MORRIS – An agreement with Eric Peterson making him the county’s technology consultant was positively recommended Tuesday by the Grundy County Technology and Elections Committee, but not before concerns about the contract were raised during public comment.
County Clerk Lana Phillips addressed the committee as a member of the public, stating her objections to the proposed contract with Peterson.
“My feeling is there is very little accountability with a consultant if they’re just coming in and consulting and doing things on a part-time basis,” Phillips said. “You would not have that issue if you had a full-time IT director.”
Phillips said the technology committee has trimmed its budget and is no longer paying a $75,000 salary plus benefits to John Watters – the previous director who retired in January – so it can afford to hire a full-time director.
She also claimed the county already has two IT consultants working part time, which technology committee chairman David Welter disputed.
“Do we really need another consultant?” she asked.
The concerns were heard, but the committee still voted, 6-0, to approve the contract with Peterson.
“I think this will give the county flexibility and allows us to save money by not having someone full time,” Welter said following the meeting. “Hopefully, it will help us streamline some of our processes as well.”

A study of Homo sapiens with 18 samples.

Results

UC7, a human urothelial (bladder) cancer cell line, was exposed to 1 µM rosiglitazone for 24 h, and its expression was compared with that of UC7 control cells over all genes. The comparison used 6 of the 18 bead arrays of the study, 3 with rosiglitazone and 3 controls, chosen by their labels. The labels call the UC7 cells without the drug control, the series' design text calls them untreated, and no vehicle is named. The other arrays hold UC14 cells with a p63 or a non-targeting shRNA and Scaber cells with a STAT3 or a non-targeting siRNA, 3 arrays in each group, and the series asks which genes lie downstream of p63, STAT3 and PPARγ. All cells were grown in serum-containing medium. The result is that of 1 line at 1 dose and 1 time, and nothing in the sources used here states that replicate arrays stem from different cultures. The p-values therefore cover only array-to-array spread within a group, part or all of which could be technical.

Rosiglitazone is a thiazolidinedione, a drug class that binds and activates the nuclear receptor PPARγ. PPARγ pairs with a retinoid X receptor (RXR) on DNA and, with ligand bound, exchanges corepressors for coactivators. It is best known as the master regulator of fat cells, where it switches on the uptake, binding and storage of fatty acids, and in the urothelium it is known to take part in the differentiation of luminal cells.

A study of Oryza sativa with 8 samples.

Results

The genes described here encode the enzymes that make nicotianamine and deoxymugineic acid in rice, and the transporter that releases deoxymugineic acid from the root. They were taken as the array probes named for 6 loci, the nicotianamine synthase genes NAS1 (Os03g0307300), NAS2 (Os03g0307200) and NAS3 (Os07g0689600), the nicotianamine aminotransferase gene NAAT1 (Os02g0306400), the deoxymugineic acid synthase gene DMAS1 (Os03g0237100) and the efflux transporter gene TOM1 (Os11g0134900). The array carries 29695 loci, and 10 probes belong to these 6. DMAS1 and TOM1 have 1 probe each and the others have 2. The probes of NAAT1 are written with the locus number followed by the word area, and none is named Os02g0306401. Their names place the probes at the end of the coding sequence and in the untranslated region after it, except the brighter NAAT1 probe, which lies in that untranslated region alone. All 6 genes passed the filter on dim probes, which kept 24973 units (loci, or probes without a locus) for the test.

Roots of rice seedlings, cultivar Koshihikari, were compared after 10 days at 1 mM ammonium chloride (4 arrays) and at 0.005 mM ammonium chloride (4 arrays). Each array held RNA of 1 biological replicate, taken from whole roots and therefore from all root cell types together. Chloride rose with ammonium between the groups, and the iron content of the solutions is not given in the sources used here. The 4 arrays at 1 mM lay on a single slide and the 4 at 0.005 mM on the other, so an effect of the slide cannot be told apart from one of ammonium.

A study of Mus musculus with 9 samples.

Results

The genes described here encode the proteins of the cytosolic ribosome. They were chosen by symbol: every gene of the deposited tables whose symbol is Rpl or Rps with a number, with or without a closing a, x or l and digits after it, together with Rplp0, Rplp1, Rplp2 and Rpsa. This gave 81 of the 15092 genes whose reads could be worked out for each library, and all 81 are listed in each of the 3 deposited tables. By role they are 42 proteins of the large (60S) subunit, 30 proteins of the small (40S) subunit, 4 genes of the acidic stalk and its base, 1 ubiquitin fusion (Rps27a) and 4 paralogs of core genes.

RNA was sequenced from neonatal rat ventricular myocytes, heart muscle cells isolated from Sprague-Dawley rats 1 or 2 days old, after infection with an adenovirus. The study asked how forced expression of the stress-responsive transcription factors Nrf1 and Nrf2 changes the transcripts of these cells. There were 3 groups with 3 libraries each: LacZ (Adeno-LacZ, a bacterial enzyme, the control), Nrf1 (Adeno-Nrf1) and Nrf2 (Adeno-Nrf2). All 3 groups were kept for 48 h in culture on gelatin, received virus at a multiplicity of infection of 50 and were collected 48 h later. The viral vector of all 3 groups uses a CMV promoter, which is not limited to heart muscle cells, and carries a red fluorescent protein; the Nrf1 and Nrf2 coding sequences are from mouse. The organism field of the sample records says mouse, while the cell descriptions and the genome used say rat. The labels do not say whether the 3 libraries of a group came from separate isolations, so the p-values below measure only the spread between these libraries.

According to the most recent draft of the agreement, Peterson would work no more than 96 hours a month at a price of $5,500 a month. For every hour worked beyond the 96-hour threshold, Peterson would charge the county $65 an hour.
The initial contract would expire in six months, during which time Peterson would oversee the technology department’s budget and special projects and help make processes and procedures within the department more efficient.
He also would be on call in case one of the current technology employees needed time off.
There would be no changes in management with the addition of Eric Peterson, as current full-time IT supervisors Kristin Torkelson and Dan Peterson would still report to County Administrator Heidi Miller.
The contract will go before the full County Board for a second time next month after it is reviewed by the Grundy County State’s Attorney’s Office.
It was tabled during this month’s board meeting, after the technology committee decided it needed more discussion.